Album Review: The National - 'I Am Easy to Find'

The National. The umbrella that stops the hail from hitting your head, the first sip of water the morning after a heavy night of drinking, the woolly jumper that shields you from a bitter winter frost, you get the drift from this obsessional fan. The National are great, and they’re back with their eighth studio album at the perfect time. As I settle down after another arduous day of masters degree assignment writing, the stress-ridden short term future all of a sudden appears to be less terrifying.

‘I Am Easy to Find’ is The National’s most ambitious project yet. It is also their cleanest album to date, having developed themselves from the rough and ready days of their first three albums. On first listen the album presents itself as a wiser sibling to its predecessor, ‘Sleep Well Beast.’ However, there are major differences from the last album which saw them win a Grammy for Best Alternative Album, the main one being the contributions added by a number of guest vocalists.

First track ‘You Had Your Soul with You’ is the lead single and gets the album off to an upbeat start. Indeed, this song is one of the few from the band’s catalogue that can be described as upbeat; it certainly isn’t a musical trait they’re renowned for. From there things take a further diversion. As alluded to, the album features a whole host of female vocalists. These include the wonderful Sharon Van Etten on ‘The Pull of You,’ Lisa Hannigan on ‘So Far So Fast’ and the sumptuous ‘Hairpin Turns’ as well as former Bowie bassist and backing singer Gail Ann Dorsey on the lead track as well as ‘Roman Holiday’ and ‘Hey Rosey.’

Highlights include the long awaited ‘Rylan,’ a song written many moons ago which has finally found its place onto a National album as well as ‘Where is Her Head?’ A grower which is already flowering. ‘Not in Kansas’ is a lyrical masterpiece narrating these bizarre times in which we live. There are further contributions from the Brooklyn Youth Choir on several short interludes, an idea which The National have not toyed with before. It works and doesn’t disrupt the flow of the album. As a fan I was slightly worried when I saw a 16-song track listing, wondering if the album’s length would exceed my attention span. However, it works. It always does with this band.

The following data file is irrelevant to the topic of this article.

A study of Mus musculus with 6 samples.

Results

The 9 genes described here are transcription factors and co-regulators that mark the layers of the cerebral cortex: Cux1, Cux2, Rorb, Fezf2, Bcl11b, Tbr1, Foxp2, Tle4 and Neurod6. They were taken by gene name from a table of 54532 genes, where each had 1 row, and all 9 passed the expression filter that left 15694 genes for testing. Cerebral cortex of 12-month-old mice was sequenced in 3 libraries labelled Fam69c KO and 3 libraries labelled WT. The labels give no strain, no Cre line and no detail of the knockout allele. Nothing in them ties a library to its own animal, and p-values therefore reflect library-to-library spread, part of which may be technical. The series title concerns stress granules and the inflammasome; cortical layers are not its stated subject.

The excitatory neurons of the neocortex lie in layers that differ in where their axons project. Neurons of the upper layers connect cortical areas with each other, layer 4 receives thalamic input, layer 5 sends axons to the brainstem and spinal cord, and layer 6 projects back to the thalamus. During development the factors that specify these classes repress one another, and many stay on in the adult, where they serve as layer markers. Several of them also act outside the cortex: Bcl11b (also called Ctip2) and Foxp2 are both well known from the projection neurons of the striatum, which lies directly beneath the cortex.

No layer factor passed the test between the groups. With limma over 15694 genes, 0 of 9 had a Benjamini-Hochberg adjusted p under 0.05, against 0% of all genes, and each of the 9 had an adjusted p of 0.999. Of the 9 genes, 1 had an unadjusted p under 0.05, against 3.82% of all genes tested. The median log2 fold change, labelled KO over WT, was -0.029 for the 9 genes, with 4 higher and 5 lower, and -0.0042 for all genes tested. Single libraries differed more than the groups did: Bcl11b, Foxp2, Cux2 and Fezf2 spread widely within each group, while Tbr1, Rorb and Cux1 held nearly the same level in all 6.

There was also a worry with the reduced impact of lead singer Matt Berninger’s baritone vocals. I’d always thought that his voice was the defining feature of the band. ‘I Am Easy to Find’ dispels this as a myth and shines a light on the incredible musicianship of the other band members. The genre defining Devendorf drumming, the sheer musical genius of the Dessner twins and the emotive contribution from a whole range of other instruments. That’s not to say that Matt’s impact is to be overlooked, it isn’t and he hits incredibly hard within this album. If anything less is more, both lyrically and vocally.

The album is also accompanied by 24-minute film directed by Mike Mills and starring Tomb Raider’s Alicia Vikander, which is well worth a watch if you get a chance. It samples songs from the album, portraying a visually creative side to the band which you get the feeling has always been there waiting in the wings.

The National can be seen this summer headlining a Castlefield Bowl gig in Manchester (July 10th) before supporting Florence and the Machine at Hyde Park three days later, followed by two August dates in Glasgow. They’ve also just announced a December UK arena tour visiting Brighton, Leeds, Cardiff and Nottingham. Go catch them and have your soul cleansed for an evening.